Directed by Raj Nidimoru, Krishna D.K., Nikkhil Advani, Tannishtha Chatterjee, Avinash Arun, and Nitya Mehra, and written by Reshu Nath, Nidimoru, Krishna, Advani, Sayunkta Chawla, Devika Bhagat, Shubham, Mehra, Vidur Nauriyal, and Tarun Dudeja. The anthology film stars a range of actors, including Gulshan Devaiah, Saiyami Kher, Richa Chadha, Sumeet Vyas, Ishwak Singh, Lillete Dubey, Rinku Rajguru, Abhishek Banerjee, Geetika Vidya Ohlyan, Ratna Pathak Shah, Shardul Bhardwaj.

Also Read: A Call To Spy Review: Radhika Apte Brings Indian-Origin Spy Noor Inayat Khan To Life

What It Is All About

The film deals with five different stories, all following their own plotlines. Glitch is set in a futuristic landscape and mixes science fiction with everyday realism. It shows Ahan (Gulshan Devaiah), a hypochondriac who is terrified of catching the virus going on a virtual date with Ayesha (Saiyami Kher) a medical professional who works in the frontline. The Apartment deals with the couple Devika (Richa Chadha) and Sahil (Sumeet Vyas) as they grapple with the MeToo allegations charged against the latter.

Rat-a-Tat stars Rinku Rajguru as Priyanka who has been driven out of her apartment by a rat. The story then follows the friendship and conversations between her and the landlady Archana (Lillete Dubey), a senior citizen living a lonely life. Vishanoo tells the story Abhishek Banerjee and Geetika Vidya Ohlyan, one which aptly captures the economic despair caused by the pandemic. And finally we have Chand Mubarak, where another senior citizen Uma (Ratna Pathak Shah) forms an unlikely bond with an autorickshaw driver and a Muslim migrant worker from Bijnour.

Also Read: Pandemic Diary: 5 Women Tell Us How Friendships Changed In 2020

An Overall Relatable Tale

There are sequences in the film where one can hear the chants of ‘Go Corona Go’ and mass banging of utensils. For anybody who has lived in this country during the lockdown period, these are the two most recognizable sounds that define the pandemic. Such points of references are innumerably scattered throughout the film.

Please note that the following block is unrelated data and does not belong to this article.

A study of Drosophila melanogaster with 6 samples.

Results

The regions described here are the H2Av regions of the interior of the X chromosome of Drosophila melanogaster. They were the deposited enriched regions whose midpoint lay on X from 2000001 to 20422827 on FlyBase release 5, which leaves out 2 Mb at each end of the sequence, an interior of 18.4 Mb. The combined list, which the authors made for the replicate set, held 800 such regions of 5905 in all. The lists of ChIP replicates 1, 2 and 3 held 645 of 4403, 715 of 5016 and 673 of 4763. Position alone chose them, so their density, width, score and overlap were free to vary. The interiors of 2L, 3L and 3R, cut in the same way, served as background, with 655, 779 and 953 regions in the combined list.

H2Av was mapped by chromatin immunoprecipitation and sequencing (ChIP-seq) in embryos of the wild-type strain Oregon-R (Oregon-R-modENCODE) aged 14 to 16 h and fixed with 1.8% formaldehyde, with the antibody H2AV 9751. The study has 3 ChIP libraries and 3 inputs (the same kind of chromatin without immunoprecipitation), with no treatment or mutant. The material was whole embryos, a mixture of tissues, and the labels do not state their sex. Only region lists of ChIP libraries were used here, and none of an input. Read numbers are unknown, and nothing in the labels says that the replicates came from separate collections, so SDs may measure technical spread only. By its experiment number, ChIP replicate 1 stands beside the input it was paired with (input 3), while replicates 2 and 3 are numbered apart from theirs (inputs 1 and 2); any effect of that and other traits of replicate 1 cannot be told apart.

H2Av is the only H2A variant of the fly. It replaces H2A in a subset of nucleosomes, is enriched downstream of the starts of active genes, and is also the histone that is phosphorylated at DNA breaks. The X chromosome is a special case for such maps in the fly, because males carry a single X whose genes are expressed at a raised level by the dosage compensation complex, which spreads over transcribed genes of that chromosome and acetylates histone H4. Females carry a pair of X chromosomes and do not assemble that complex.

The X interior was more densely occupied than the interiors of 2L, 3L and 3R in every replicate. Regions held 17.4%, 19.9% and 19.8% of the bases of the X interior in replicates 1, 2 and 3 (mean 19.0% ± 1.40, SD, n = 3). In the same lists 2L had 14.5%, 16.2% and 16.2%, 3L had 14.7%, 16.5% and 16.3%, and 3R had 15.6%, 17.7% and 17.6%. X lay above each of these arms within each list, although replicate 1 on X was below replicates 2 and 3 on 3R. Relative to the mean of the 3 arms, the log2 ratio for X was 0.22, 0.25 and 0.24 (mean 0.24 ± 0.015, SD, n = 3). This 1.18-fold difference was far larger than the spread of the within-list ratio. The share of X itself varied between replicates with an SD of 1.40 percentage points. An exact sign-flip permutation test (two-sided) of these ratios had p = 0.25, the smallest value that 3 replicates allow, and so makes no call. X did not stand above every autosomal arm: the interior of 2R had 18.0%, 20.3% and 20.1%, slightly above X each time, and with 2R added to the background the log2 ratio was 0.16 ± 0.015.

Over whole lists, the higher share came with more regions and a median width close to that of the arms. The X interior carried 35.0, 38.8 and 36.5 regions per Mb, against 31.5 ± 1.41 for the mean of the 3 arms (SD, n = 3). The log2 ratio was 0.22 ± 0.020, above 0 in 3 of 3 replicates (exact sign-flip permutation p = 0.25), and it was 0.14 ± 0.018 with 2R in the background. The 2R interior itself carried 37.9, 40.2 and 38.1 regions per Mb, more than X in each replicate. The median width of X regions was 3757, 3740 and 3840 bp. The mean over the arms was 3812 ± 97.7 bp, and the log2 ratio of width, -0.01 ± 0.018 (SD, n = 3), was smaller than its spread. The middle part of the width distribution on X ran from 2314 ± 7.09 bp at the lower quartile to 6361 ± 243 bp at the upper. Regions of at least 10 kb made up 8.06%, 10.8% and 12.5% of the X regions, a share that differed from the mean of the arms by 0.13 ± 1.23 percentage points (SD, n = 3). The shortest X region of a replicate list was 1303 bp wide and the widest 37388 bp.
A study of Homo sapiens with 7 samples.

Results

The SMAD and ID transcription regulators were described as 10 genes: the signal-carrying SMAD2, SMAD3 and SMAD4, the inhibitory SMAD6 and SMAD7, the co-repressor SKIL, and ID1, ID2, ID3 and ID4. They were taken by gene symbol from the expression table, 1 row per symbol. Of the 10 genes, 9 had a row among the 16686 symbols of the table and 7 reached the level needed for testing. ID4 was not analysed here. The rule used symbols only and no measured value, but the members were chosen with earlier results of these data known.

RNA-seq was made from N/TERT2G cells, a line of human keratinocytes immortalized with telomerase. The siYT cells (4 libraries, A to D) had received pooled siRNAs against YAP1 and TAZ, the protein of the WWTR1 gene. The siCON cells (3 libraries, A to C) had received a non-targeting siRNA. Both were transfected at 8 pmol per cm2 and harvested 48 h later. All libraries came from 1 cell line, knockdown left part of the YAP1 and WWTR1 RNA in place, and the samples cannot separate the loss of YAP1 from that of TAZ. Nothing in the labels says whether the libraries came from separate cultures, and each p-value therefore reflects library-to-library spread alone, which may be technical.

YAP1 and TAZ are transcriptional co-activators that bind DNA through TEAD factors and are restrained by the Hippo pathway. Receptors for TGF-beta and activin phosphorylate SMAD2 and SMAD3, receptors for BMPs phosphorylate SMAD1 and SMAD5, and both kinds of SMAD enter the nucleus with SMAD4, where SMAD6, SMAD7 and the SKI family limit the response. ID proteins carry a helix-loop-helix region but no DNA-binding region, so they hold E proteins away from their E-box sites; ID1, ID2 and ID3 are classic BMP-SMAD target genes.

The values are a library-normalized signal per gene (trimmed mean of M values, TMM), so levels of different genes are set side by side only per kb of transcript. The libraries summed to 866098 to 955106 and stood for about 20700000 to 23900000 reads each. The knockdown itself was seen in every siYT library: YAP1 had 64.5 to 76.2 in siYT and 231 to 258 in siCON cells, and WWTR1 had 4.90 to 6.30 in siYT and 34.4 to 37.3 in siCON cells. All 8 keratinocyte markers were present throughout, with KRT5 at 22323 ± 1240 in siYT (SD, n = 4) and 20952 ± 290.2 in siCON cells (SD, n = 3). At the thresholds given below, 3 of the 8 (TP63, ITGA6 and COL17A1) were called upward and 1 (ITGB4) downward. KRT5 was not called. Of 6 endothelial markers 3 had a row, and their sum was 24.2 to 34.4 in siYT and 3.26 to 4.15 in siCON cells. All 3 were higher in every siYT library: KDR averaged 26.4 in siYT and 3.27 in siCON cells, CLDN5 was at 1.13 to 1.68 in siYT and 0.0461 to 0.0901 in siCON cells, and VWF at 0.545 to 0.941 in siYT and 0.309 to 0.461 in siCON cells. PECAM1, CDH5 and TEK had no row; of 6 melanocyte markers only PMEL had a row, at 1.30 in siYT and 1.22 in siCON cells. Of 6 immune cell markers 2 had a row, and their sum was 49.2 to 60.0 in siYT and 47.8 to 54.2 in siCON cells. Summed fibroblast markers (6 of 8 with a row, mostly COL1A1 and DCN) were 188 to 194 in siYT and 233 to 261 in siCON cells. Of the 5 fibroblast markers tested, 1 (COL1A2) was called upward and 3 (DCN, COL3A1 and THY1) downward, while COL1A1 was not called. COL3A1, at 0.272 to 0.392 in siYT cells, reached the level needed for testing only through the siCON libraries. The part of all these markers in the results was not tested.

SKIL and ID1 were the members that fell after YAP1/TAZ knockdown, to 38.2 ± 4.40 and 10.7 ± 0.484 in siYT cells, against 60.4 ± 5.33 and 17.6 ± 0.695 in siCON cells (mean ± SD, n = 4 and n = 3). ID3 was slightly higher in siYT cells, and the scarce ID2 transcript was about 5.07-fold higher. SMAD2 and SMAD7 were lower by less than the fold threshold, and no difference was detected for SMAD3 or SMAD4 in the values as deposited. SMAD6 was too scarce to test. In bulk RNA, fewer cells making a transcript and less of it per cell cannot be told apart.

The screenwriting evokes a lot of bittersweet events that we all have, either individually or collectively, experienced during the last nine months. There’s something for each one of us in the film. For example, in The Apartment, the feeling of loneliness that engulfs Devika as she is locked inside her home and being gaslighted by her husband, is a story that touches the reality of many women in this country. At the same time, the idea of virtual dating is something that the youth can easily relate to. In Vishanoo, the shots of the spacious house where the migrants are seen squatting in and where an organisation is delivering food and masks are again scenes that have wrenched our hearts again and again since March. The joys of finding company in people we wouldn’t even think of having a chat with under different circumstances is well portrayed in Rat-a-Tat and Chand Mubarak.

It’s a difficult task to compile anthology films, for not many can achieve the feat of seamlessly joining such contrasting tales together. But Unpaused pulls it off pretty well. The tales aren’t narratively connected. But they are technically happening at the same time, that is, during the COVID-19 pandemic. The emotional quotient blooms in the same way as it does in a linear narrative film, and each story is put together in a manner that compliments the other. More importantly, they all have a through-line about hope and survival that stitches them together. And at the end of the day, they’re all relatable stories about a life-changing event.

Views expressed are the author’s own.